The Lily Ledbetter Fair Pay Act of 2009 was signed into law by President Obama on January 29.
After some reading and research over the past few days, here's my quick summary and initial thoughts on what this new law means for HR and reward professionals.
The Act overturns the Supreme Court's ruling in Ledbetter vs. Goodyear Tire & Rubber, which held that employees must file a discrimination claim within 6 months of the act of discrimination. The new law's main purpose is to extend that statute of limitations so that the clock doesn't begin ticking, in effect, until 180 days (300 days*) after an employee receives either a final paycheck or a final benefit payment (e.g., pension check) that can be traced back to a discriminatory decision or practice. The net impact of the new law is to effectively remove any time limits on pay discrimination claims - a claim can now be brought years, even many years, after the discriminatory action allegedly took place.
What does this mean for HR and reward professionals?
To state the obvious, our first step should be to ensure that there are no problems to begin with. All pay-related decisions - and this includes but is not limited to job evaluation, performance appraisal, merit and other salary increases, market salary adjustments, promotions, etc. - must be made based on clear and objective guidelines which are consistently applied. Job titling, definition and documentation must be accurate and up-to-date. Supervisors and managers must be trained and held accountable for the important role they play in all these regards, and for clear and meticulous communication with employees.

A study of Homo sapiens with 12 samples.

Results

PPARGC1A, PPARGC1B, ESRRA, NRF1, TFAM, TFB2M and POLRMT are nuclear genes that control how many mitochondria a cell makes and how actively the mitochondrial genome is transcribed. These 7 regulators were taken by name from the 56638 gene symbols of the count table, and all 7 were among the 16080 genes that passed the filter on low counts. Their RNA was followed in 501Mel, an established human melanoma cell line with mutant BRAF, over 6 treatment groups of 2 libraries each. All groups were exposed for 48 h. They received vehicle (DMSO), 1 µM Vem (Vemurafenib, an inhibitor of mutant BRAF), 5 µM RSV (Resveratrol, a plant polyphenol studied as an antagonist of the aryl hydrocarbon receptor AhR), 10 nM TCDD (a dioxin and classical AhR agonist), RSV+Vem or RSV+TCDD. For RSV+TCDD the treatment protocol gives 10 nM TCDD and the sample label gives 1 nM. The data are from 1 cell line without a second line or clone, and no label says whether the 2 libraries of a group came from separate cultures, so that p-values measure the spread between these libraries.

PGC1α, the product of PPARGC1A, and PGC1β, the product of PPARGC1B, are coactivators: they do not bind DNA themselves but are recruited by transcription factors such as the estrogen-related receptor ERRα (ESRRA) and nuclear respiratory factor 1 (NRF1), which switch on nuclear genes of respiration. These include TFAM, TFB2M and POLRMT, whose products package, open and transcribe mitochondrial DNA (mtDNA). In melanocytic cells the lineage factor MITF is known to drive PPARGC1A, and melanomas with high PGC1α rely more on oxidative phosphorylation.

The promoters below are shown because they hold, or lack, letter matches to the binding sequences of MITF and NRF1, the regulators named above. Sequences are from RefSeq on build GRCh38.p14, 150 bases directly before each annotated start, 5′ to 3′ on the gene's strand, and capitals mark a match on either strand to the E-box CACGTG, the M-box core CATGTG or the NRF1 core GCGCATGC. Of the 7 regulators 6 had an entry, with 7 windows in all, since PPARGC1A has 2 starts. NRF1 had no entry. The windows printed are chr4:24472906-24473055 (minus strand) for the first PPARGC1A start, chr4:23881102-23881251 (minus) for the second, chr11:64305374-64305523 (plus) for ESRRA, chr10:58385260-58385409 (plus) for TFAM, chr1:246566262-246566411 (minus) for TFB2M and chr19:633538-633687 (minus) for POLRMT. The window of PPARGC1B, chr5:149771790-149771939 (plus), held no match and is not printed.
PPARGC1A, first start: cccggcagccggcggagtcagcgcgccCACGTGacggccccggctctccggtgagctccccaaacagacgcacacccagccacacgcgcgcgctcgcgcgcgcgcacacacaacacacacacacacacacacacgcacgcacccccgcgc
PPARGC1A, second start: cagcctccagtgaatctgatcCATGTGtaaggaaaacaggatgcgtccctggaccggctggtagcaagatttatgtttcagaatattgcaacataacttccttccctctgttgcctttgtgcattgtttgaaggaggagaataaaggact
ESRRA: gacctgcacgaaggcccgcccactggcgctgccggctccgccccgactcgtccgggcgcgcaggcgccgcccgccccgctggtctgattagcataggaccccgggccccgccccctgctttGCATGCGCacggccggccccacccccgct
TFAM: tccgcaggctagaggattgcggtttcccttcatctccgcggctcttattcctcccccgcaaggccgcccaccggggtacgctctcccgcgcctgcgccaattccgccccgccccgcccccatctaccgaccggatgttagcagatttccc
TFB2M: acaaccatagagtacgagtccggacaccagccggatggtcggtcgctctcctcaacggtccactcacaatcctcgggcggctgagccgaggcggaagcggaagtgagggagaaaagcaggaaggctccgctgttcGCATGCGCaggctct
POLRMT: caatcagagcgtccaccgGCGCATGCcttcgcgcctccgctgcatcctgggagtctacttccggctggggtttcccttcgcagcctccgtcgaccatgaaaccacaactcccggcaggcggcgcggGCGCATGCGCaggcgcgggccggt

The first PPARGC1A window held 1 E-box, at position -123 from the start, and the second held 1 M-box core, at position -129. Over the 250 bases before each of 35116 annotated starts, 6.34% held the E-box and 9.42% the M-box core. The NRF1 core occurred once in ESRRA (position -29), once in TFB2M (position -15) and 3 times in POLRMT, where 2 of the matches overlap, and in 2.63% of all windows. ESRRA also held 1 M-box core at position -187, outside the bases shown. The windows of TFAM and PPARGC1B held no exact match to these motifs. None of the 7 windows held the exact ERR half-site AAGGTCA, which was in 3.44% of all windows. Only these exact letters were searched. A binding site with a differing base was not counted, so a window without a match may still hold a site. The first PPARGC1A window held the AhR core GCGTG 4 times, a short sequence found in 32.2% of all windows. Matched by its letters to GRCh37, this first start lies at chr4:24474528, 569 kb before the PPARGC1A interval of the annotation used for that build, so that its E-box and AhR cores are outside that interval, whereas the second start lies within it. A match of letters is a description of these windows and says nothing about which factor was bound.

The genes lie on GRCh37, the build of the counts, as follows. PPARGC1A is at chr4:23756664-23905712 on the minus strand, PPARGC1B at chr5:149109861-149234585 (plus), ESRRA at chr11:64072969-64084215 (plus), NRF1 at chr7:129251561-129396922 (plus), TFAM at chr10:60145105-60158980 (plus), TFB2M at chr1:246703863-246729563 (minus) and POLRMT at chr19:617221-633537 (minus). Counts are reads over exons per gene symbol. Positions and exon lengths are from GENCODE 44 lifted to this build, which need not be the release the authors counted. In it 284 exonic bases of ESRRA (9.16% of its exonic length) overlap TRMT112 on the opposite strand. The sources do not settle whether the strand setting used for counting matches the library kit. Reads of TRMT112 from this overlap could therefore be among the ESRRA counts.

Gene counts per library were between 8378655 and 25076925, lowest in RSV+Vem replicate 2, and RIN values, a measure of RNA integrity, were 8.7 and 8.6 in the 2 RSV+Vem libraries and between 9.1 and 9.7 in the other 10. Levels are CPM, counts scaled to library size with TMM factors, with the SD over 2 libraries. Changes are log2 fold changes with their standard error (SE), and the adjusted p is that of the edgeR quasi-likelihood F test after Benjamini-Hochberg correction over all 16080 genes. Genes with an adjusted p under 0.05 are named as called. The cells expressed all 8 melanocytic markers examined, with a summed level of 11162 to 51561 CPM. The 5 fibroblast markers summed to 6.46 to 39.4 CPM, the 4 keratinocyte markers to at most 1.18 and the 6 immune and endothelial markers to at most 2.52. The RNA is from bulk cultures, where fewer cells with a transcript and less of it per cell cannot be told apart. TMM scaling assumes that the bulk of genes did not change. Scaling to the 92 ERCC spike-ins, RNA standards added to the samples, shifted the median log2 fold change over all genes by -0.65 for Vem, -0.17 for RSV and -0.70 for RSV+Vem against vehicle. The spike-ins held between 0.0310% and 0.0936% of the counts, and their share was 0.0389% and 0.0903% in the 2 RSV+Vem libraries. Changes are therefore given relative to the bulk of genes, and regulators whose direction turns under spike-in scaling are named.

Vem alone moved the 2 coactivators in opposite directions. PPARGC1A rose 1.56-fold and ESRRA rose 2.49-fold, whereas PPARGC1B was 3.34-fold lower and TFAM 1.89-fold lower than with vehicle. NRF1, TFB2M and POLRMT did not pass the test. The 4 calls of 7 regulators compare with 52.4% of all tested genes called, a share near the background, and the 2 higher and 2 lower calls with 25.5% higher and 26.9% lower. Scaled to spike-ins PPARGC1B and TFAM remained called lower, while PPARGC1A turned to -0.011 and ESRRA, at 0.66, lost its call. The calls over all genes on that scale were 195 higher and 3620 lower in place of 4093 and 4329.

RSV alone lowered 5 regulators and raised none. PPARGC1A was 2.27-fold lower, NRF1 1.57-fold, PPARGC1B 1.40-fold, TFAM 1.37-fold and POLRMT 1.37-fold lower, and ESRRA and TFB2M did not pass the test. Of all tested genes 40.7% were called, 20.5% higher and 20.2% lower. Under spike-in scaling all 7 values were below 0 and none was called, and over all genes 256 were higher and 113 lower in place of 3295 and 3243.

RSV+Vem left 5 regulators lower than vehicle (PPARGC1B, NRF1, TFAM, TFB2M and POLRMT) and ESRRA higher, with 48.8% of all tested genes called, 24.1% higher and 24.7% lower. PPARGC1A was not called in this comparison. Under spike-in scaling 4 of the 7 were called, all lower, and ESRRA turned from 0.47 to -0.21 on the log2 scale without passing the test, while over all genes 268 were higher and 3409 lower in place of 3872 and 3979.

These are the things that should have been happening all along, of course. What changes now is our responsibility for documentation and recordkeeping. With the possibility of a lookback for discrimination claims that could go back years - even decades - we must assume that neither the HR or reward professional nor the decision making manager involved will be around to rely on for personal recollection or documents if a pay related decision is challenged. Instead, it will be imperative to establish formal and comprehensive recordkeeping practices, as far backward as can be managed and certainly going forward from today.
*If the discrimination charge is filed in a state with its own equal employment opportunity agency.
Postscript: Here is a link to a CNNMoney article highlighting, in particular, what the Ledbetter Fair Pay Act means to small businesses, who may not have or be in a position to afford the access to legal and human resource talent that big businesses have to help them with compliance. The list of recommended steps near the end are particularly good. Hat tip to Laurie Ruettimann for the link.